June 6, 1989

NEW YORK (AP) _ Susan Butcher got a silver platter Tuesday in honor of her athletic achievements. But her teammates won’t hound her about stealing the spotlight.

Ms. Butcher said love and praise will be ample awards for the dogs who helped her win the Iditarod Trail race three times in a row.

″I love my dogs. I love living in the wilderness. I’m a lucky person to have something I enjoy doing,″ said Ms. Butcher, who came from rural Alaska to claim the 22nd annual Tanqueray Amateur Athlete Achievement Award at a Manhattan luncheon.

″I’d never want to live here, but it’s interesting and usually fun,″ said Ms. Butcher, who visits the city several times a year.

Her 1987 record of 11 days, 2 hours, 5 minutes and 13 seconds still stands for the 1,200 mile dogsled race from Anchorage to Nome, Alaska. She also won in 1986 and 1988, but came in second this year when several dogs became ill.

″These are athletes, like any other athletes,″ Butcher said. The 150 sled dogs she and her husband own have speed, endurance ″and the same thing I happen to have: drive and the competitive spirit.″

But she added that it’s ″really a toss-up to say who’s more important″ - the dogs or the trainer. ″Another person could take my team and come in last.″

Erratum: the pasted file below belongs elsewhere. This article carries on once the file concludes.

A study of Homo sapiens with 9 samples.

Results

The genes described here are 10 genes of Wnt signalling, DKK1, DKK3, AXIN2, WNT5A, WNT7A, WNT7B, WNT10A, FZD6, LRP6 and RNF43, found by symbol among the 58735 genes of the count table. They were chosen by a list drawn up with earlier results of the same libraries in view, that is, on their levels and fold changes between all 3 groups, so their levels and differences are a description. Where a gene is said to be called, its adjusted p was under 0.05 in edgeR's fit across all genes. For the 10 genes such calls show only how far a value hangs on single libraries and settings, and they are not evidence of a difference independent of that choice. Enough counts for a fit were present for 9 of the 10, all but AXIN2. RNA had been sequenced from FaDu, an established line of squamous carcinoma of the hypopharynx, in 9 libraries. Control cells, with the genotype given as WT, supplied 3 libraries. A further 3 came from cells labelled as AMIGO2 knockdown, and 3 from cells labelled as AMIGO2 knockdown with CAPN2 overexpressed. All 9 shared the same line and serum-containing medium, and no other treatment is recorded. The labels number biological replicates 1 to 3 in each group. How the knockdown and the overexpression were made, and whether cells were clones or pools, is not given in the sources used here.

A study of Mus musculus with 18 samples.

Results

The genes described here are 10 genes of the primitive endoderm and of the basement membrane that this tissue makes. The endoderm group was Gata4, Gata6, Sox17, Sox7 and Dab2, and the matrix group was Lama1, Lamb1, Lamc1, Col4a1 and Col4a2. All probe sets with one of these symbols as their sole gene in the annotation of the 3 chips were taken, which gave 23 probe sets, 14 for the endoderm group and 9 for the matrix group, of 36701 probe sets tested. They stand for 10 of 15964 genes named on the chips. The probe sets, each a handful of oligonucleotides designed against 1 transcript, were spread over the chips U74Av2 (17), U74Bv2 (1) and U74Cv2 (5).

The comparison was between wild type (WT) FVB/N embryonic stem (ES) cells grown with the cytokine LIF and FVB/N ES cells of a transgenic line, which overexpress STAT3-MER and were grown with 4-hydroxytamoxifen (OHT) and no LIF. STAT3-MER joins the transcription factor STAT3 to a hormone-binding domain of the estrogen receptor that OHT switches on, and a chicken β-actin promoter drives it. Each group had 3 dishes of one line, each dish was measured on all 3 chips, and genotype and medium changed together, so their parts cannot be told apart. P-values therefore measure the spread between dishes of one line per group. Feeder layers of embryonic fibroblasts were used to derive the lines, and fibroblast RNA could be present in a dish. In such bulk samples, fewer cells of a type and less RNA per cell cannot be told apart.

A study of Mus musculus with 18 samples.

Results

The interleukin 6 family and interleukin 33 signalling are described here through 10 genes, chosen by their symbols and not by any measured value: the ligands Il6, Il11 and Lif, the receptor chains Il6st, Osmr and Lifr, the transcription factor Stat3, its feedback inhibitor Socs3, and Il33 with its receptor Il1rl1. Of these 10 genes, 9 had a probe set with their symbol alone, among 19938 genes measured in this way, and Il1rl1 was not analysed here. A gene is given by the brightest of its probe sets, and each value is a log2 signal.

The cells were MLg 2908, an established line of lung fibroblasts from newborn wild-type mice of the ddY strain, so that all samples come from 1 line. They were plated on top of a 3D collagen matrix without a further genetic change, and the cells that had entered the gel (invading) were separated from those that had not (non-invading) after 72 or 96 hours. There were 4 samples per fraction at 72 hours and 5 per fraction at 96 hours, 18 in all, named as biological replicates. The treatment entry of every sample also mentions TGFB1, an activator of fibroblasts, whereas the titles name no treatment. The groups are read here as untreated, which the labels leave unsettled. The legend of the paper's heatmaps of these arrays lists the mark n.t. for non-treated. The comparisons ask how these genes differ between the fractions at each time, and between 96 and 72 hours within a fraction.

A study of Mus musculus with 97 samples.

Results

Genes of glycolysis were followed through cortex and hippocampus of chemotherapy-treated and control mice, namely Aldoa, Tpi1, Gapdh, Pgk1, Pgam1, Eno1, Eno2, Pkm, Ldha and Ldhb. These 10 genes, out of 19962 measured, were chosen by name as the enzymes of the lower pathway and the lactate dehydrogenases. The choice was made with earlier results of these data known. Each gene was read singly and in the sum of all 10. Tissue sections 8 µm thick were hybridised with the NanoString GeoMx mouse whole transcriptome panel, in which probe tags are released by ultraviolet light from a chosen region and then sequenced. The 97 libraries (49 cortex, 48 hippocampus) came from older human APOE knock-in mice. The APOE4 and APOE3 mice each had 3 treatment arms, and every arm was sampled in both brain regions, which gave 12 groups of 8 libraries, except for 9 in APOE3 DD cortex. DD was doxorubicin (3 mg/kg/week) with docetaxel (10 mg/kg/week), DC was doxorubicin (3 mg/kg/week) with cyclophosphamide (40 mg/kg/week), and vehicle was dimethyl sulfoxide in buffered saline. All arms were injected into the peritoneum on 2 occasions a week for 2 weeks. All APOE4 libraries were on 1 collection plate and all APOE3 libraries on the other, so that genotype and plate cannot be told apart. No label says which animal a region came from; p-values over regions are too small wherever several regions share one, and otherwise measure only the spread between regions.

Ms. Butcher, 33, a veterinary technician, began mushing dogs at age 16 in her native Cambridge, Mass. She and her husband, fellow musher Dave Monson, now live 70 miles from Manley Hot Springs, Alaska, the nearest town.

Besides giving Butcher the platter, the sponsor contributed $5,000 in Butcher’s name to the Delta Society, which trains people and pets to visit nursing homes and hospitals.

Fortuna, an 8-year-old Alaskan husky who once was one of Butcher’s dogs but retired after the 1987 Iditarod, was at the ceremony. The 42-pound dog was adopted in October 1987 by Tom and Ellen Measday of Livingston, N.J.

″For two weeks, she was silent. I think she was in mourning,″ said Mrs. Measday. But later, ″she seemed real happy to get all the attention. She’s not one of 150 dogs any more.″

Fortuna now runs with the New Jersey Sled Dog Club.